22 September 20230 comments

Australia is an iconic example of multiculturalism that values migrants and refugees for more than just the labour assets and skills they bring to the country, a leading international human rights leader says.

Dr Gopal Krishna Siwakoti, head of the Nepal–based human and civil rights group INHURED International, says Australia’s approach to multiculturalism has seen tolerance and equity “built in” to the system.

Speaking at the inaugural Refugee Communities Association of Australia (RCAA) Dr Siwakoti said: “the emblematic things to be learned from Australia’s perspective of multiculturalism is the demographic aspect, particularly the built in tolerance and equality”.

“In Europe multiculturalism is more driven by labour demand. Here in Australia we see an iconic example of inclusive social participation,” he said.

“In Australia we see integration occurring in two ways. Top down and bottom up. Integration here is organic and there’s a sense of cherishing multiculturalism and integration which advances social cohesion.”

Dr Siwakoti said Australia has found a balance between the notion of a national community and identity and distinct diverse identities.

“The questions you ask when assessing multiculturalism: ‘how easy and fair is participation?’ and ‘how, generally, are voices of the unheard recognised and acted on?’ and ‘at what stage in the migration journey do people start to feel I belong here?” he said.

“Personally, I was resident in a western country for 13 years and I never felt I belonged there.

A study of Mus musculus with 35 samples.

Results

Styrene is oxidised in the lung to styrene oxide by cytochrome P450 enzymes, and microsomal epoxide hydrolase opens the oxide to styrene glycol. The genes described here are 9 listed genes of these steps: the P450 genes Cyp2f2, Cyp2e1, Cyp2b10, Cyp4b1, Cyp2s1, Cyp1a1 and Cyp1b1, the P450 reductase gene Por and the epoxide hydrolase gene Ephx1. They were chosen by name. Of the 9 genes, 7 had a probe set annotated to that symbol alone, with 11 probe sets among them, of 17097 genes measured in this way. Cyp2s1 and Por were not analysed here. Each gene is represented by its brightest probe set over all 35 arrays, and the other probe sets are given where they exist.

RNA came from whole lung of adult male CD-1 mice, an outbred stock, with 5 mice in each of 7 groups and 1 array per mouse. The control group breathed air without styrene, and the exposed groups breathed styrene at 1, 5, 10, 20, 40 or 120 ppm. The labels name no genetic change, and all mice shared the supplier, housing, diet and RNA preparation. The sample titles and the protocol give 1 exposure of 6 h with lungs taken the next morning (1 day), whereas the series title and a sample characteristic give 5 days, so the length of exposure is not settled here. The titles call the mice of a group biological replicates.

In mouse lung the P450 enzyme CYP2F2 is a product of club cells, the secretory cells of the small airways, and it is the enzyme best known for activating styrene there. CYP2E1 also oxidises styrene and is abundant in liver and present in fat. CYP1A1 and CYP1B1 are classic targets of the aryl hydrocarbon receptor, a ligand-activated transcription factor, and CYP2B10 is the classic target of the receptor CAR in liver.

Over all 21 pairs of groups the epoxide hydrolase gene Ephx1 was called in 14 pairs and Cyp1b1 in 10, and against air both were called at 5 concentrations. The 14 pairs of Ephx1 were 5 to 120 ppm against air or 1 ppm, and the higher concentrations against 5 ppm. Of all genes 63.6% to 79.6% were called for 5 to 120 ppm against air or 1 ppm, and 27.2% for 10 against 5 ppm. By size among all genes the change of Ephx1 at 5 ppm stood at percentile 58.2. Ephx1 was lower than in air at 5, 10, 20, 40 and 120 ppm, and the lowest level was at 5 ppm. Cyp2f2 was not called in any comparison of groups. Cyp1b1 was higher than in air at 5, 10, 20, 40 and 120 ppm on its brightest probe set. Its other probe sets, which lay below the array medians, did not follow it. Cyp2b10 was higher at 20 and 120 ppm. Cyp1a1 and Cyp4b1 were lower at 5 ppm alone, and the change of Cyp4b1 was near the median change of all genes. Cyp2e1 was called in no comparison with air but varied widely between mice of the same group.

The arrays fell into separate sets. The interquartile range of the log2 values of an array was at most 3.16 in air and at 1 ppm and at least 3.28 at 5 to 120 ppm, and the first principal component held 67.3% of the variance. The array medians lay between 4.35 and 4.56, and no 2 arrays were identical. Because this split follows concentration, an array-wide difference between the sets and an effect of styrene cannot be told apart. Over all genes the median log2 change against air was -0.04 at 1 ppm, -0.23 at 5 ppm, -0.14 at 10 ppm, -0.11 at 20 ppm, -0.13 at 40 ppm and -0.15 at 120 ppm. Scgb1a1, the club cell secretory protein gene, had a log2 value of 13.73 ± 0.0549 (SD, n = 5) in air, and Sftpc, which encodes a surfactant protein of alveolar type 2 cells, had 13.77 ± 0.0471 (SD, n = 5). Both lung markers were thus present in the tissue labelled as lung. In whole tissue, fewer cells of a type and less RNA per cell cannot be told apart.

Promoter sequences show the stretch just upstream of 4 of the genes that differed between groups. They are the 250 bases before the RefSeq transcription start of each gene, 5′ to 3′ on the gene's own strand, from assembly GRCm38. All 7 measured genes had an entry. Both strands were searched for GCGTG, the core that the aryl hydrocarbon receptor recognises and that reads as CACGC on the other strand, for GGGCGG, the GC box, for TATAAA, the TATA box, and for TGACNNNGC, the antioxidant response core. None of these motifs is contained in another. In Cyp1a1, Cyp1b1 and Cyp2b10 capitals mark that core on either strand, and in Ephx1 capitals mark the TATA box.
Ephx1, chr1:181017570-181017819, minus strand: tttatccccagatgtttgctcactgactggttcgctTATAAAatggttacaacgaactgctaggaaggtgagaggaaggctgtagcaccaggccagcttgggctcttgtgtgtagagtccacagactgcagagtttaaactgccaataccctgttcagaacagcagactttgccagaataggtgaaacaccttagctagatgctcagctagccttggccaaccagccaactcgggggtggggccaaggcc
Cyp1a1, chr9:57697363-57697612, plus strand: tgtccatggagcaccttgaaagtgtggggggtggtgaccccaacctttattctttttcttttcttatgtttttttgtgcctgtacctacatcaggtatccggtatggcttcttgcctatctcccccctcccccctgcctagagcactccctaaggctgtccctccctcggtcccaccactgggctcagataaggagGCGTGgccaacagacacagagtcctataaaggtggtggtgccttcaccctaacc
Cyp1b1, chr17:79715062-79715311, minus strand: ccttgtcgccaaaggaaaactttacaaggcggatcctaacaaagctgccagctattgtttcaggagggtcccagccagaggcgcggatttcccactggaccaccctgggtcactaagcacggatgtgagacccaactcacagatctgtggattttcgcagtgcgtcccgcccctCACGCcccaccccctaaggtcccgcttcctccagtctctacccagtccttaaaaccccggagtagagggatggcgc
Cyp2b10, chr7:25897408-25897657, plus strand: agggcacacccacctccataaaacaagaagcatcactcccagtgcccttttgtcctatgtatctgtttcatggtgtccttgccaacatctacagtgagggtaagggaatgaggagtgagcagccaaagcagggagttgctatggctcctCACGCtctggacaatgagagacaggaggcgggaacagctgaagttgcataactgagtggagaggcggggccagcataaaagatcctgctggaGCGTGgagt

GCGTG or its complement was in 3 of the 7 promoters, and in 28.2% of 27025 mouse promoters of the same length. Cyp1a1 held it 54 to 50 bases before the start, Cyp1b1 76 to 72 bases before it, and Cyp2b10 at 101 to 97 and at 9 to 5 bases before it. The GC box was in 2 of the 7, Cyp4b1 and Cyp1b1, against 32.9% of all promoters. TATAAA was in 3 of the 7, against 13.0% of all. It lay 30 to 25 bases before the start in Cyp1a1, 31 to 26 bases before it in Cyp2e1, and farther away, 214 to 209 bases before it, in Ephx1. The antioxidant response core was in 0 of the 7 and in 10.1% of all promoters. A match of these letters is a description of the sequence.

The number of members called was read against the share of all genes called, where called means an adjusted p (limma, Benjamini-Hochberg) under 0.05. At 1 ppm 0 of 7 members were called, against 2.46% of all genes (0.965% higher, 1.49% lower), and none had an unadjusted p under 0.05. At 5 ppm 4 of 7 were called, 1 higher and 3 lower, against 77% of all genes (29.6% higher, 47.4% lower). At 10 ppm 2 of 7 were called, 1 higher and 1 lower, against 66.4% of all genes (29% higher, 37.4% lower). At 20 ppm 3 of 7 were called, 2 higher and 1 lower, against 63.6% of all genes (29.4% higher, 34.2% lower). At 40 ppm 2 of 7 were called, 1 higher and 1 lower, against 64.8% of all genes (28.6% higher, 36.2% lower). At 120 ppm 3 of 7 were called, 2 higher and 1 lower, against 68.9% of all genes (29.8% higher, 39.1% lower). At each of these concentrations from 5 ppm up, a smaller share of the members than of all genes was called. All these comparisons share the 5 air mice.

“Australia is a successful example for the world on a multiculturalism. Here, while preserving cultural identity is very possible, there is still a strong nation building effort and a sense of Australian identity.”

In summing up Australia’s brand of multiculturalism Dr Siwakoti cited the words United Nations Secretary General Antonio Guterres, when he was head of UNHCR, the UN’s refugee agency.

“At one of the global consultations on refugees Guterres told the gathering ‘I have seen a thriving multicultural environment on the streets of Footscray and Richmond in Melbourne’.

“He said: ‘this needs to be deeply understood, learned about and replicated by other communities; I want to see similar streets like Footscray and Richmond to be nurtured across Australia and in other parts of the world’.”

Dr Siwakoti said multiculturalism could help build countries across the globe.

“When refugees come they don’t just bring a bundle of clothes with them. They bring strengths and brain power,” he said.

“If countries take a whole of society approach – across the private, government, non-government, faith and community sectors – they can make the most of the aspirations of refuges.

“Australia has done well to recognise this,” Dr Siwakoti said.

UNHCR local representative Adrian Edwards told the conference, held in Melbourne, that Australia’s refugee program and support for multiculturalism was a ray of hope in a gloomy global environment.

“As the UN General Assembly meets this week, it’s a gloomy time. We have record forced displacement with 110 million refugees, global unity is under pressure, humanitarian organisations are facing billions of dollars in find shortfalls and countries host refugees are under pressure,” Mr Edwards said.

He said the announcement of an increase to 20,000 in Australia’s refugee intake was welcome as was the announcement of more complimentary pathways for refugees to settle in Australia.

“Australian is considered one of the world’s great resettlement countries with one million refugees settled since World War II,” Mr Edwards said.

“Settling and restoring people’s rights and helping to rebuild their lives is something that Australia does successfully and it matters across the world.

“It’s an example of what can be done and what needs to be done,” he said.